Apple has developed a concept NFC ring that would allow a wearer to make payments, transfer information to others with a handshake and access secure documents on a shared device with a tap of their finger, a newly published patent application reveals.
The ring would also feature a biometric sensor for capturing the wearer’s biometric information, along with a computer processor, microphones, a camera and a small display, the application says.
“In a financial transaction, the user’s ring is paired with a financial account such that transactions can be completed merely by bringing the ring within an NFC reader field,” Devices and Methods for a Ring Computing Device explains.
“For example, if the handle or door of a refrigerator were fitted with an NFC reader, opening the refrigerator with the hand wearing the ring would identify the user to the refrigerator. The user could then be charged for any item withdrawn from the refrigerator through the associated financial account.”
“NFC communication may similarly be used to share information with other devices, including other ring computing devices,” the patent continues. “Two users both wearing ring computing devices, for example, may share their contact information by shaking respective hands each bearing a ring.”
“The users may configure their devices to share other information, messages or money,” the patent application continues. “For example, the user may say, ‘by shaking hands with Steve, I agree to give him $20,’ which is recorded and converted to text and/or computer instructions, such that when the user shakes hands with Steve, the user’s ring is detected by an external device or a second ring worn by Steve and $20 is paid to Steve.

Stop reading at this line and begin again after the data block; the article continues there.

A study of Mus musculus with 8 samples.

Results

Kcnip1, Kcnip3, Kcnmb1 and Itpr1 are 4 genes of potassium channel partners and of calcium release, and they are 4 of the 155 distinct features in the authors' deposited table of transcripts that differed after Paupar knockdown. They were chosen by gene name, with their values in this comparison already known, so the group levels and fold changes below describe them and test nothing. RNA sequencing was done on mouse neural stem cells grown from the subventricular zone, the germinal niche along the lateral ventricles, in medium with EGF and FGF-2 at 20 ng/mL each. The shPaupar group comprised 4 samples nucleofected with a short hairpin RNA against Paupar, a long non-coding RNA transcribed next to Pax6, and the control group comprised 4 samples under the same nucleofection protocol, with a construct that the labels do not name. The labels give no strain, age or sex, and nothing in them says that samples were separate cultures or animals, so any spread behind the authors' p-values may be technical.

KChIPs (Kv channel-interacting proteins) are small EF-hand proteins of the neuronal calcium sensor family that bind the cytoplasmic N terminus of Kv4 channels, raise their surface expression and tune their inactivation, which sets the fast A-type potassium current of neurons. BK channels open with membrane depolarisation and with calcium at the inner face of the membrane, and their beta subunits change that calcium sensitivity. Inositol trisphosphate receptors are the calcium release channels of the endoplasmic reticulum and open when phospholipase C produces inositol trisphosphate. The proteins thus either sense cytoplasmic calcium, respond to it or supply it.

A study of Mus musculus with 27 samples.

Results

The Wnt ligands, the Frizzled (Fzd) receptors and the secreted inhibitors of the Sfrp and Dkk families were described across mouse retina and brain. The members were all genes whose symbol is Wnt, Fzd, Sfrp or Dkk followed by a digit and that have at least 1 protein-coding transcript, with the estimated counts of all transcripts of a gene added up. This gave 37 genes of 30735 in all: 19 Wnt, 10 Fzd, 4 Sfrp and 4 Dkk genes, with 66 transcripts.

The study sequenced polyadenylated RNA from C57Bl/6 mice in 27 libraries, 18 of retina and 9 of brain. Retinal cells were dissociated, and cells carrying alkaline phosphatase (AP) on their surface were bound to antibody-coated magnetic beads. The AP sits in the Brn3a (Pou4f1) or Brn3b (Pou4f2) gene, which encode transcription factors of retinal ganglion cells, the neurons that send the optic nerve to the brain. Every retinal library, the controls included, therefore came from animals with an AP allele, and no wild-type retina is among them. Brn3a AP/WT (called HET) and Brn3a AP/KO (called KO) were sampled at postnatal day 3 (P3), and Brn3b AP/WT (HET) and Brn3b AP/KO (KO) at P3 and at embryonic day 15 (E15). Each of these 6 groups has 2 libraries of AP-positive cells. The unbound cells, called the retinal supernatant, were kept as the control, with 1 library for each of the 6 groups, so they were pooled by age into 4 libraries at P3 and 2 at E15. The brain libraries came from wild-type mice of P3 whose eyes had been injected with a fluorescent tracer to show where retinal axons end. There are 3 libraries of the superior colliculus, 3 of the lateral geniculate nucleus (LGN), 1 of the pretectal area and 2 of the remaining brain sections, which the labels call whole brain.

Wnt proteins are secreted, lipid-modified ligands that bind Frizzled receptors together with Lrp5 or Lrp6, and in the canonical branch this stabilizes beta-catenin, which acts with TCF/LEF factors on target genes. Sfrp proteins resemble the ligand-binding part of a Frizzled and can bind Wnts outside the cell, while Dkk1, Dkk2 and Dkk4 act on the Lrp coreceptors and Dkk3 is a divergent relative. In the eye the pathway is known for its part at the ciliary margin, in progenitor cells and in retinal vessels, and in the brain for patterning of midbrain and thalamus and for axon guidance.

“Any digital right could be passed between users in a similar manner, such as event tickets, music, electronic books or digital files by indicating to one or both of the ring or external device of the user’s intent by shaking another user’s hand. The metaphor of handshaking is non-limiting; the user may bring ring within proximity of another user’s NFC reader, whether embodied in another ring or any other external device.”
“In some embodiments, the user uses the ring to access secure documents on a shared remote electronic device by bringing the remote electronic device into proximity with an NFC initiator, thereon and thus automatically authenticates him or herself,” the patent adds. “For example, doctors in a hospital may be authenticated to and use a plurality of ring computing devices to access partitioned patient data on shared terminals.”